More than 1,000 slavery and trafficking crimes in West Yorkshire unsolved since Modern Slavery Act passed
But a JPIMedia investigation has exposed the extent to which perpetrators are escaping justice, with just 4.4 per cent of modern slavery offences recorded by English and Welsh police forces between 2015 and September 2020 resulting in a charge.
In West Yorkshire, only 52 of the 1,150 offences recorded in that period have resulted in a charge – a rate of 4.5 per cent.
The Human Trafficking Foundation, which brings together charities, public bodies and parliamentarians working to tackle slavery, has now said “radical” change is needed to how UK authorities pursue offenders and support victims.
Home Office figures show police forces in England and Wales have recorded 19,632 offences under the Modern Slavery Act to date, yet only 864 saw a suspect charged.
The proportion of cases resulting in a charge has fallen every year since 2015 as the volume of offences has increased.
In 2015/16, 23.7 per cent of cases saw charges brought but this rate had fallen to 2.9 per cent by 2019/20.
And figures published since the coronavirus pandemic began reveal the charge rate has plummeted further still, to just 2 per cent between April and September last year.
The figures refer to the period in which an offence outcome was recorded, not when the offence took place. Cases are not recorded until they have been closed or a charge brought.
It means a total of 19,175 cases across Britain have seen no action taken, including 1,098 in West Yorkshire.
Mark Burns-Williamson, West Yorkshire's Police and Crime Commissioner, said he was not surprised by the charge rate given his time as modern slavery lead for the Association of Police and Crime Commissioners as well as his role in setting up local and national anti-trafficking networks.
"These are human rights abuses committed against the most vulnerable in our communities and society, and that's whether they're trafficked from abroad or, increasingly, from within the UK," he said. "What we've seen certainly in the last two or three years is connectivity with things like county lines crimes and other legislation that can be used to tackle these perpetrators.
"I don't always take these statistics from the Home Office on face value because I know of the complexity of investigations that take place and the links to other types of crimes."
For the small proportion of cases that do make it to court, analysis of Ministry of Justice figures shows just 21.5 per cent end in a conviction, with only 74 successful cases out of 344 court proceedings in England and Wales between 2015 and 2019 where modern slavery was the principal offence.
Tamara Barnett, director of the Human Trafficking Foundation, said modern slavery cases were often “very, very difficult” to investigate and that a lack of wider support for victims means they are often distrustful of and unwilling to work with police.
Mr Burns-Williamson pointed to the crucial role of interpretation services and advocacy organisations such as Hope for Justice when it comes to securing victim testimony.
"Some of them don't even recognise or realise that they are victims," he said. "Obviously there's intimidation and threats to those victims around their families back in their home countries or indeed in this country.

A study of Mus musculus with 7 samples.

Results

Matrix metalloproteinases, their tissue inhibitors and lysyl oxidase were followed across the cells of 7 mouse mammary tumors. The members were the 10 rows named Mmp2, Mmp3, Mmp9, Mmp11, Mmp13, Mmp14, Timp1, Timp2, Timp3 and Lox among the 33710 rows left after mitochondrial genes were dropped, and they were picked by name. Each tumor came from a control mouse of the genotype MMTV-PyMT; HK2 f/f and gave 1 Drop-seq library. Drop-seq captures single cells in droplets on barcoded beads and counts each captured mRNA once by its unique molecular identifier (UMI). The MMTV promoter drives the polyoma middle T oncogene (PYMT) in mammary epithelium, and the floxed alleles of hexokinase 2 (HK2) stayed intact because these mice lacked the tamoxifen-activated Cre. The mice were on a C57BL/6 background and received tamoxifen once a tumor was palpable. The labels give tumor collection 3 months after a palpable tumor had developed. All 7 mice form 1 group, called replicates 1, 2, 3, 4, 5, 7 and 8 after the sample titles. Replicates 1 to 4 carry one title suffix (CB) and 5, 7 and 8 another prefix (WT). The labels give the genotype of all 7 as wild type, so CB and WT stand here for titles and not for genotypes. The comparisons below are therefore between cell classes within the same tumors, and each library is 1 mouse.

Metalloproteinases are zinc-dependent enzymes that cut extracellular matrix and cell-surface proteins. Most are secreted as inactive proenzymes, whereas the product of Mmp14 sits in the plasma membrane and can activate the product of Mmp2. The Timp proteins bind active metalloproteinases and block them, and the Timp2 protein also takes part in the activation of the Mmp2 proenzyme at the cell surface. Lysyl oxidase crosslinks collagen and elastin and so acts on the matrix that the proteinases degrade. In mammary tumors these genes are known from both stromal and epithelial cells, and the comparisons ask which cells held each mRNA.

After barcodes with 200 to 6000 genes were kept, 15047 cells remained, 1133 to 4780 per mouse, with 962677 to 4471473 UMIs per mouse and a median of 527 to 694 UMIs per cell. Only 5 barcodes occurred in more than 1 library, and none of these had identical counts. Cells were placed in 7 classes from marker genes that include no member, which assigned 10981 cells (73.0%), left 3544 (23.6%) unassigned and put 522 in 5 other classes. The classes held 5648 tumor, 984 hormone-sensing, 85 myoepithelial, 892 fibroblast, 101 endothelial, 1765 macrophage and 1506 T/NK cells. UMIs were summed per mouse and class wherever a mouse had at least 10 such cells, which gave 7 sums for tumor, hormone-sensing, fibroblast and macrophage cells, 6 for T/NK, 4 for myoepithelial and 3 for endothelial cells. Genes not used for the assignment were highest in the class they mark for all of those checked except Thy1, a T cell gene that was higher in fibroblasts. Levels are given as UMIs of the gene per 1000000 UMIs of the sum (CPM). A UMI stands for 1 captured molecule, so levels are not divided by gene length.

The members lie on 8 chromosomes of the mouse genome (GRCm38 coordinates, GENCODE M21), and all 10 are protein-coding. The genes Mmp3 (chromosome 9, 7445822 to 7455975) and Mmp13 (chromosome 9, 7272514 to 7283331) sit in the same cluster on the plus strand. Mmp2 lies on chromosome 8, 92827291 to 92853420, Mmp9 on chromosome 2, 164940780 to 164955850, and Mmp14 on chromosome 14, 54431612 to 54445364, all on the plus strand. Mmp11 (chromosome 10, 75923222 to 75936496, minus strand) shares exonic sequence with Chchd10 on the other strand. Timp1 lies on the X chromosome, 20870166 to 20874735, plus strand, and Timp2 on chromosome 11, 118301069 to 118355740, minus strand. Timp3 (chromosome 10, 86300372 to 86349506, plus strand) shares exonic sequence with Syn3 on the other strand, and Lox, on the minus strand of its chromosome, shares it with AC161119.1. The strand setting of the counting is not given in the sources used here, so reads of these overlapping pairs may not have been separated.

"It's making sure that you can gain the trust of those victims to then have the confidence to give evidence, making statements and work with those advocates and police and others to ensure there's an outcome at the end of it."
But while the Home Office figures show police in England and Wales most commonly cite failure to identify a suspect and victims not supporting action as reasons for not bringing charges, there have also been 2,697 cases where a suspect was identified and the victim was on board.
Ms Barnett said that “there are definitely better police forces unfortunately” which she put down to a lack of leadership in some constabularies, adding: "It’s a bit like with drug problems, if you don’t lift the lid, you don’t have a drug problem."
West Yorkshire - the fourth largest force in England and Wales - recorded the third highest number of offences during the period studied and has a dedicated modern slavery taskforce.
Mr Burns-Williamson said: "From a West Yorkshire perspective, you'll see that in terms of volume we do record relatively higher numbers than pretty much every other force which in a sense demonstrates the proactivity."
Independent Anti-Slavery Commissioner Dame Sara Thornton – whose role was created by the 2015 Act – said the current lack of risk to criminals “fails to counter the economic reward of trafficking in people, or prevent organised crime groups acting with impunity”.
She called on police to “take advantage of the full spectrum of evidential opportunities to reduce reliance” on victims’ testimony, adding prosecutions should be “victim focused but not victim reliant”.
Responding to the figures, the National Police Chiefs’ Council (NPCC) said it recognised charges and referrals to the Crown Prosecution Service had not kept pace with the increase in crimes.
Sheon Sturland, head of the NPCC modern slavery and organised immigration crime unit, added: “Police are identifying more victims of modern slavery than ever before, ensuring they get the support they need and exploitation is stopped.
“We continue to work with forces, partner agencies and charities to support victims of modern slavery and to bring perpetrators to justice.”
Safeguarding Minister Victoria Atkins said the Home Office has allocated £2m to support police with modern slavery work this year and had invested £11.3m over the past three years into the Modern Slavery Transformation Programme to boost prosecutions.
West Yorkshire Police was invited to comment.
The Modern Slavery Helpline can be called on 08000 121 700.